The people of Boston celebrate Patriots Day annually. The celebration includes the running of the Boston Marathon and unites this great American city. But on Monday, April 15, 2013, this day would take on a whole new meaning as bombs exploded near the finish line of the marathon. Patriots Day, by director Peter Berg, tells us the story of the ordinary people of Boston who came together in an extraordinary fashion to deal with terrorism in their city.
Many of us know the story of the marathon bombing, but what about the stories of some of the people who were thrust into the limelight by being in the middle of the heinous attack?
People like Tommy Saunders (Mark Wahlberg) — a cop who was assigned crowd control near the finish line as a final step in his rehabilitation from an earlier incident. He needed to take control in the city he loved and step up to the challenges thrown his way to protect his family and the family that is known simply as Boston.
People like FBI Special Agent Richard DesLauriers (Kevin Bacon) who found himself heading up the investigation of an attack on American soil that stunned a city and a nation. And Jeffrey Pugliese (J.K. Simmons), a police sergeant in neighboring Watertown who found the most wanted people in America had come to his fair city.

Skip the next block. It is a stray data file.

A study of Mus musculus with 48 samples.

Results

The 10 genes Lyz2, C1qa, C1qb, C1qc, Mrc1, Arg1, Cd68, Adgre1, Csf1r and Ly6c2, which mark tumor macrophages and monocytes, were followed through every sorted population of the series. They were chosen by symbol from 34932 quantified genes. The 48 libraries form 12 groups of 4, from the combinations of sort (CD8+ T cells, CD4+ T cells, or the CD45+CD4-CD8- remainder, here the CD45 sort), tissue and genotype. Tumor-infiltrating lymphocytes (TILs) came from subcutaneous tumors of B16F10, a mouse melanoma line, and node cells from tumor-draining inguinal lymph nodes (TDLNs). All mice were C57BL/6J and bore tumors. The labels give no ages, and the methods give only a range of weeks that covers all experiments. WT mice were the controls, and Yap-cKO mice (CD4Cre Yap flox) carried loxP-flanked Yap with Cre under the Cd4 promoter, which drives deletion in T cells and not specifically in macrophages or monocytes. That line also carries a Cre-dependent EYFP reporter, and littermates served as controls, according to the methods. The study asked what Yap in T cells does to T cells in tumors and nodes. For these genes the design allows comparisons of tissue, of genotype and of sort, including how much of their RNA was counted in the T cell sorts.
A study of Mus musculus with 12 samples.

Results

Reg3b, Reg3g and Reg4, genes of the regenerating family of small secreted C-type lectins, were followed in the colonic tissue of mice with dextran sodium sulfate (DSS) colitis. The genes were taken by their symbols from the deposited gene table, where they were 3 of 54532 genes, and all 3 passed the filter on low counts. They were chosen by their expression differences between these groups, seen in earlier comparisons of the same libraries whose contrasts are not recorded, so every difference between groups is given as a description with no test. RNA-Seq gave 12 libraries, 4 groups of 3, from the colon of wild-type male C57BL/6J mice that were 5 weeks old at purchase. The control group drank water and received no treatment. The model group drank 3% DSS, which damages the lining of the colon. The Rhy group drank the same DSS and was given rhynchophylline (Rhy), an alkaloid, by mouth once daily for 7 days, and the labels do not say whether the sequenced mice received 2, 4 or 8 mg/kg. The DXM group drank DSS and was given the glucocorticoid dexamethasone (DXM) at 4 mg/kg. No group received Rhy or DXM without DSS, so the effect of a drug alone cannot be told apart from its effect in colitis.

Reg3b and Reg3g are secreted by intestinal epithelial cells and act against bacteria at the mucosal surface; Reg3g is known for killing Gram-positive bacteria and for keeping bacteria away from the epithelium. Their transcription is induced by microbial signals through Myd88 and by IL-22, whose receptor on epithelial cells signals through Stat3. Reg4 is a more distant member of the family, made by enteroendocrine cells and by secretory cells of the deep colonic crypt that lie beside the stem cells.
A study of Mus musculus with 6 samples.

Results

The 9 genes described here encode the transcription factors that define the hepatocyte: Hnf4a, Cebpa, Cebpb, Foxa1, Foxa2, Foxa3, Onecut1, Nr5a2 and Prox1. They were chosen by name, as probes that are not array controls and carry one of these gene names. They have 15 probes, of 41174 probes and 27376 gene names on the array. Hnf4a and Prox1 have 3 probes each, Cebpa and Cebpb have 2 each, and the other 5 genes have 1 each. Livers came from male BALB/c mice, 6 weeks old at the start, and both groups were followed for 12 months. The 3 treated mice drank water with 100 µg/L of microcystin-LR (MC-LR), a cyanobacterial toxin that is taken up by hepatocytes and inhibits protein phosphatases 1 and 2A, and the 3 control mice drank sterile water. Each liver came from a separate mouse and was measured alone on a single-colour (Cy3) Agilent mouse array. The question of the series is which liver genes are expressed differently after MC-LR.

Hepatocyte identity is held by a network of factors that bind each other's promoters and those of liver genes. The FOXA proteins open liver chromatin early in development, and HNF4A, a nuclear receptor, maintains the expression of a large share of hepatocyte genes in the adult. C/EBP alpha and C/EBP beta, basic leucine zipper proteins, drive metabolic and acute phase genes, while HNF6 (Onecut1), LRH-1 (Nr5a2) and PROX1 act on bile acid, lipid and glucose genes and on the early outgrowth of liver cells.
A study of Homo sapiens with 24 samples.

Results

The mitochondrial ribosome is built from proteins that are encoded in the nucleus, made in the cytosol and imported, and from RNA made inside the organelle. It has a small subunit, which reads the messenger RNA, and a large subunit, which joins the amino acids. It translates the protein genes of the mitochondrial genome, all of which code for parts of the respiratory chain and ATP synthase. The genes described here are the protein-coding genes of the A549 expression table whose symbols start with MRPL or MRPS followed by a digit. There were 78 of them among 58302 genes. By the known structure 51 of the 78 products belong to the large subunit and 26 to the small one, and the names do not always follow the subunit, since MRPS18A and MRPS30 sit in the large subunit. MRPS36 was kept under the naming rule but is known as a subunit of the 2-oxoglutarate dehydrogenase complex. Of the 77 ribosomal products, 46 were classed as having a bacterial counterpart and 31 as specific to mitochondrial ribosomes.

I could write two thousand words about each of the individuals Patriots Day showcases in this film — and that would still be less than they deserve. However, the film shows this isn’t about any one individual; rather, it is about the collective Boston. Boston came together in a time of need with leaders working together to reach the finish line. Days turned into nights while investigators looked for the proverbial needle in a haystack. The attempt to find answers was a race to preserve the values that these men and women held dear.
All involved loved their city and the people in it. It didn’t matter whether they were born there, or came from outside to be one with Bostonians — they worked together to accomplish the task in front of them.
What Berg does so effectively in this film is to tell a story out of love. He shows not only the victims and investigators, but also the bombers and their friends in a story that doesn’t rely on hate but on the love necessary to get through a difficult situation as a family would.
It is a story we can all relate to: rising up on our haunches to defend our family against those who would harm us. No one knew the moment the bombs exploded who was at fault, but Bostonians and Americans knew one thing — no one could keep us down.
Thanks to a compelling real-life story brought to the screen by a skilled director, Patriots Day is one of the best films I saw in 2016. And despite my Midwestern roots, Patriots Day made clear to me that I Am Boston and collectively We Are Boston.
Patriots Day is available On Demand beginning March 28. Check your cable system for availability.